Dr Lurve is Australia’s leading love and relationship expert! Based in Sydney, she specialises in helping people navigate the science and metaphysics of relationships. A modern-day cupid for individuals discovering self-love, singles ready to find love and couples ready to make love last forever, she is the singular authority on how to make a long-lasting relationship. The Lurve Lab is Dr Lurve’s signature series of courses, seminars, talks and intensives for those ready to find, cultivate, and keep love. From discovering chemistry to transforming love gone wrong, Dr Lurve guides couples in creating connections that can last a lifetime.
Do you have a “type”? Do you always find yourself with a certain type of partner? Someone who has the same set of characteristics (physical or emotional) as those who went before your last lover? Whether we like it or not, most of us have a certain ‘type’ of person we usually date or are attracted too. It doesn’t need to be physical it might be something about their energy, the way they hold themselves or the way they command attention when they enter the room. Whatever it is, we find ourselves drawn to this ‘type’ of person!
If you’re lucky enough to go for the lovely person with a gentle soul ‘type’, then it’s probably unlikely you care about the fact you have a ‘type’. ‘Type’ awareness comes to our attention because nine out of the last ten relationships were really not that great!
Knowing your type can help when making decisions about whom you date next. First, you need to understand why we are drawn to a certain ‘type’. The reason why we wind up with the same ‘type’ or find ourselves in a familiar relationship dynamic dates back to our earliest relationships. As a young child, we developed defence mechanisms in order to help us cope with fear, pain or frustrating circumstances in our environment.
These defences were a key contributing factor to how we formed opinions of ourselves, others and relationships. Without realizing, we unconsciously seek out people whose behavior support these opinions and beliefs. If we have formed negative ideas about ourselves, for example “I’m unlovable” or “I’m unattractive” we seek out people who reinforce these unconscious beliefs, even if in reality we don’t like it!
These patterns of attachment were developed long before our adult years, and give us a good insight into how we do relationships in our adult lives. If our experience in early life was riddled with feelings of rejection, feeling unnoticed, insecure, criticized or resented our ‘type’ may well be the person that recreates that same emotional climate in our relationships. For example, if your needs were disregarded or ignored you may find yourself drawn to people who are emotionally unavailable, unable to commit, or even in another relationship!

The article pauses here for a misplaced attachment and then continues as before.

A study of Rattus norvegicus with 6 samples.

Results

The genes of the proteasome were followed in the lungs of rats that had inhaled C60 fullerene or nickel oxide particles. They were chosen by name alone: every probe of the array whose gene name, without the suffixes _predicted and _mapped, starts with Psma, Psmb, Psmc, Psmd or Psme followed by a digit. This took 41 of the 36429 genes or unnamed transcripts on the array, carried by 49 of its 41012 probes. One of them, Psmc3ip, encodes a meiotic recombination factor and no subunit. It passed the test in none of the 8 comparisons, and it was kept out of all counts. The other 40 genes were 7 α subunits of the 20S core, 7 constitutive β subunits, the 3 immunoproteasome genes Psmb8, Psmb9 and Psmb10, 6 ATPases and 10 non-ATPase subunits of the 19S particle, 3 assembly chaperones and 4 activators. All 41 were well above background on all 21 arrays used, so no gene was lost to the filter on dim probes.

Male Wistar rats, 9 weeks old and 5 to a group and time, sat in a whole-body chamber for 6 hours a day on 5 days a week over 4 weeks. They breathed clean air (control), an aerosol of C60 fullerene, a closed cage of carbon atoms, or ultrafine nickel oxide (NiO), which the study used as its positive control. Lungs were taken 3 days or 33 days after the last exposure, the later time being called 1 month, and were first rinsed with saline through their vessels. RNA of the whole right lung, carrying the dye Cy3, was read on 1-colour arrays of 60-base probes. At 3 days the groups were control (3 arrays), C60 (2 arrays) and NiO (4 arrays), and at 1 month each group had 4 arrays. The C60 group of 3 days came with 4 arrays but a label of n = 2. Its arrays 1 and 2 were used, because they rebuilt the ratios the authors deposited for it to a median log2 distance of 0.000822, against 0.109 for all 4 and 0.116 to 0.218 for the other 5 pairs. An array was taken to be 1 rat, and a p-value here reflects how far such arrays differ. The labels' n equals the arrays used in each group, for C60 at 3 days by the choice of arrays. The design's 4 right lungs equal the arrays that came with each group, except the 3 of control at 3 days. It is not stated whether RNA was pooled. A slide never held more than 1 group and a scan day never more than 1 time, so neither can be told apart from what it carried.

So how do you stop yourself falling for the usual ‘type’ and stop ignoring the ‘Do NOT Date this Person’ red flags?
Spend some time with yourself to try and discover your deep-seated beliefs that contributed to attracting your partners. When you invest time in exploring your early attachment patterns you can start to identify some of the areas that lead you to develop a love for your ‘type’!
What have been the not-so-great qualities you’re attracted to? What negative traits, patterns or similarities do all your ex-partners share? Make obvious comparisons, but don’t forget the more subtle emotional aspects. How did they treat you? How did they make you feel? Were they aloof and distant? Were they controlling or nurturing? Did they pull away when you got to close or were they needy? What characteristics did they like or look for in you?
Yes you can train yourself to go for something different, but you have to be fully conscious of it all. It’s a little like recognizing you have an addiction and need to do something about it. The first step is recognizing there is a problem with dating your ‘type’, until then nothing will change. Determination and controlled effort can help you move in the right direction but this may involve making some decisions that are initially uncomfortable but will ultimately make you happy in the long run.
Understanding what draws you to your ‘type’ takes some time. Rushing out to find a new, perfect partner that’s the total opposite of your usual type isn’t going to be the answer to your ‘type’ dilemma. Although this may be refreshing for a short period of time, but when relationship patterns are very different to what you are used to it is unlikely to turn out to be a long-lasting relationship.